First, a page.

We’re doing a summer “learn to try” challenge with our family. In the ten weeks between me saying “I can’t believe it’s over” school-year edition and “I can’t believe it’s over” summertime edition, we have one new activity planned.
These mini-stretch goals are supposed to be fun. Brian and I want everyone in our house to learn a process for how to try new things. (The things themselves weren’t as important)
That simple process is:
- Prep- learn what you can via a book or video
- Plan- figure out the first couple of steps to take (OMG, I just wrote “determine your approach” as if I was writing one of my federal project proposals without even thinking-bleh), and
- Do- then, like Nike, just do it.
We’ve also done a little post-challenge analysis to talk about what worked and didn’t and what we’d do differently next time. My hope is that the kids get into the practice of seeing new things not as intimidating and impenetrable but just like everything else- something you can try by breaking it down into a couple of do-able steps.
This was a really long lead-in to the preview of what we’re doing this week. We’re eating whole foods for a week- nothing processed. Another way to think about it is, we’re eating like it’s 1947.
This time 70 years ago, all four of our kid’s great grandmothers had young families. By the time it was all said and done a couple years later, Connie, Frances, Emily, and Jesse would together have 27 children. Among them was MaryAnne, Ricky, Lynda, and Jimmie.
What were these little kids eating? Of course, a lot of whole, unprocessed foods. There are a couple of reasons for this: fewer processed foods existed, money was tight, and all four of them had strong beliefs about right and wrong. Food was just one.
Pretending it’s the summer of 1947, here’s our meal plan for the week.
The idea is to make everything from scratch. Okay, okay. Not everything. Instead, the question I'm asking myself is this: would the kids’ great grandmothers recognize this as food?
With that rule of thumb, here are the exceptions:
- Tortillas. Forgetting the regional differences, Connie in San Diego would have definitely seen these before. I'm buying 'em.
- Pasta. It might not have been popular at the time in Alabama or California, but Emily in New Jersey would have had boxes of dried pasta in her pantry. Jesse, being first generation from Italy, was still be making pasta by hand. We’re going with Emily on this one.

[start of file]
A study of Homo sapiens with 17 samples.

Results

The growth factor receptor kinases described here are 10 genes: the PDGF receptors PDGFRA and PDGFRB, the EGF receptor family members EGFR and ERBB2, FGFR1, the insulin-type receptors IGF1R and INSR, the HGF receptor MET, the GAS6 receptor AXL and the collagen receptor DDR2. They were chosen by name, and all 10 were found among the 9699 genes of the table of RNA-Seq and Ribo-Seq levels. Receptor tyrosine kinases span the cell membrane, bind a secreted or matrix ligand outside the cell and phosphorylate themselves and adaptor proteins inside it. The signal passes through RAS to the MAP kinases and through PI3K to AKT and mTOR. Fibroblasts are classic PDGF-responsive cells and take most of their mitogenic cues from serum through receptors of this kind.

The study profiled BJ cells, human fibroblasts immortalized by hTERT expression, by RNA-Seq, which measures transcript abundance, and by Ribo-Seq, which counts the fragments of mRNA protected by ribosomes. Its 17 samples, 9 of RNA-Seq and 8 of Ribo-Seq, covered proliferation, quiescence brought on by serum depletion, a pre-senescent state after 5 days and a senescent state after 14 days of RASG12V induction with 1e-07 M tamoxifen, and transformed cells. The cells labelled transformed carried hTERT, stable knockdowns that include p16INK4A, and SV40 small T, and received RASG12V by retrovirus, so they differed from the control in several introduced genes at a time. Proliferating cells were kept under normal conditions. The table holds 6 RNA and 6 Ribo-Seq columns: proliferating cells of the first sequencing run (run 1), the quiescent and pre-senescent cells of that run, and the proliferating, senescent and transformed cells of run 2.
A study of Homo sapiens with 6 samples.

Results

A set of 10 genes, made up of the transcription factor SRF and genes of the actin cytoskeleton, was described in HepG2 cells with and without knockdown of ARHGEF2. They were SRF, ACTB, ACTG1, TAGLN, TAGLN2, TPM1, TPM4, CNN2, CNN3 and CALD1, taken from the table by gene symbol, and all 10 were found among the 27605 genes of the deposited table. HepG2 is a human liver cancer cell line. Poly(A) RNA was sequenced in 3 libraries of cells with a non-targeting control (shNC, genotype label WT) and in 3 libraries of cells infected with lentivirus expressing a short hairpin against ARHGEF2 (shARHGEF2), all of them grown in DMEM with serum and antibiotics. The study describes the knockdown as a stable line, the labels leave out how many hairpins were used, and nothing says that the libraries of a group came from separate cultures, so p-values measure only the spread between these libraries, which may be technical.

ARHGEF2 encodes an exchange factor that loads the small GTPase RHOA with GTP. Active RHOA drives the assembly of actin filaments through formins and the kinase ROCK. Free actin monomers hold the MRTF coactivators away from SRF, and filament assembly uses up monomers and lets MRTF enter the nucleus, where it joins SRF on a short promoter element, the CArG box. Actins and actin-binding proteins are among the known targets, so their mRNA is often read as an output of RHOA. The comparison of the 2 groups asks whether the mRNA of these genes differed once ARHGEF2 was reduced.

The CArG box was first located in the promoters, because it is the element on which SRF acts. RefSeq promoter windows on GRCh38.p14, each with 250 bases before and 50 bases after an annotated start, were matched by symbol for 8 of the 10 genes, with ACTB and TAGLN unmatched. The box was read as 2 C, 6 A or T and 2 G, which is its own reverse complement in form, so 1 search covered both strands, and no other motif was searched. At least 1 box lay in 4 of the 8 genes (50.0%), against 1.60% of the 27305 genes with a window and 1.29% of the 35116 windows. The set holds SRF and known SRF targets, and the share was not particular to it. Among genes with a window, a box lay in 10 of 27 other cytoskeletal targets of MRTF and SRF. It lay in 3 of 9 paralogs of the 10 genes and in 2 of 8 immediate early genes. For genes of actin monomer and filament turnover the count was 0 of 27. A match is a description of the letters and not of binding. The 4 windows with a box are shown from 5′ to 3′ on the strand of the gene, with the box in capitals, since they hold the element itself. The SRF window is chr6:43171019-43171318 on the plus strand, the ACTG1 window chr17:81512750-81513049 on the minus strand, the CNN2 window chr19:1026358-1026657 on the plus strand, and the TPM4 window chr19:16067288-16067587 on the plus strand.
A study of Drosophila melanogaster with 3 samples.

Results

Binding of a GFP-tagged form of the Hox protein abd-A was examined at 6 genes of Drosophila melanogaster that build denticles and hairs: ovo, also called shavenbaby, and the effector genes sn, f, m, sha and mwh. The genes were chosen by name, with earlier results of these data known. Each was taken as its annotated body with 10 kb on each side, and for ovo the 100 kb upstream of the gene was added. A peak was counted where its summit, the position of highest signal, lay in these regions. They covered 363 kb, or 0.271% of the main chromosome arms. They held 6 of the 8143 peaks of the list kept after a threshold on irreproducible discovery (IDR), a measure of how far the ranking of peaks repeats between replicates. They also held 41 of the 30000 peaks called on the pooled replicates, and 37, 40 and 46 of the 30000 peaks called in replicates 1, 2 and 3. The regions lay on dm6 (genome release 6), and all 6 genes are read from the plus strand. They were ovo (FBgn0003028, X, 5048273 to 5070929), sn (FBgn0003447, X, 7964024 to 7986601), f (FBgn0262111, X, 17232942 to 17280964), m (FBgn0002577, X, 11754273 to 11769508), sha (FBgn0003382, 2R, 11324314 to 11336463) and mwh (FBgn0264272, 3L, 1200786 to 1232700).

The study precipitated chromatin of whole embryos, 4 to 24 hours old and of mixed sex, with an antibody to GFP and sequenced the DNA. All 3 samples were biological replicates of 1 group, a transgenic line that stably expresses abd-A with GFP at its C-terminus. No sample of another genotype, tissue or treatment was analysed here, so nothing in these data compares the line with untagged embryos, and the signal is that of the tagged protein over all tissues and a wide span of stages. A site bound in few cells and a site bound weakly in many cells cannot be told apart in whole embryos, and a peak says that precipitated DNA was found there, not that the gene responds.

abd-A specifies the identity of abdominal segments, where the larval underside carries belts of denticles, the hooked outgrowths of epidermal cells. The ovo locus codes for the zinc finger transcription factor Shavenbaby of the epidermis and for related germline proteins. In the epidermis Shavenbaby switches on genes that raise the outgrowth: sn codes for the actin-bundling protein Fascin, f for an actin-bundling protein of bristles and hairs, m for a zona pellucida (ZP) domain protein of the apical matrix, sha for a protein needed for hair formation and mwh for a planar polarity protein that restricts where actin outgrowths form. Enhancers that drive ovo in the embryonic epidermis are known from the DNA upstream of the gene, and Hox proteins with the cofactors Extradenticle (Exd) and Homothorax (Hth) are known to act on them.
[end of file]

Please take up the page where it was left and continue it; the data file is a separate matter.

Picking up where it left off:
- Other exceptions to the no processed food rule include flour, sugar, peanut butter, jelly, and condiments, of course. Yes, that last one might be cheating, but I want my kids to enjoy this and not completely revolt. If a little hetchup helps me accomplish that goal, it’s in.
You’ll notice it’s just dinners. Luckily, the kids are all in camp or daycare serving breakfast and lunch each day. One of the reasons we love these programs is that they already provide whole foods for each meal. We’ll likely do this challenge again once school starts. Marin brought her lunch each day and what I packed gradually deteriorated into a lunchbox filled with little packages over the course of the year ☹
So, I’ll be thinking about Connie, Frances, Emily, and Jessie this week. From what I remember and what I’ve heard from our parents, these women had many things in common. Like so many of their peer group, they were resourceful, worked really, really hard, and made things special for their families every chance they got.
As we kick-off our Week 3 summer “learn to try” challenge, I’m imagining them sitting together- each with a new pair of these awesome shoes and a glass of iced tea- looking down laughing, critiquing, and cheering us on.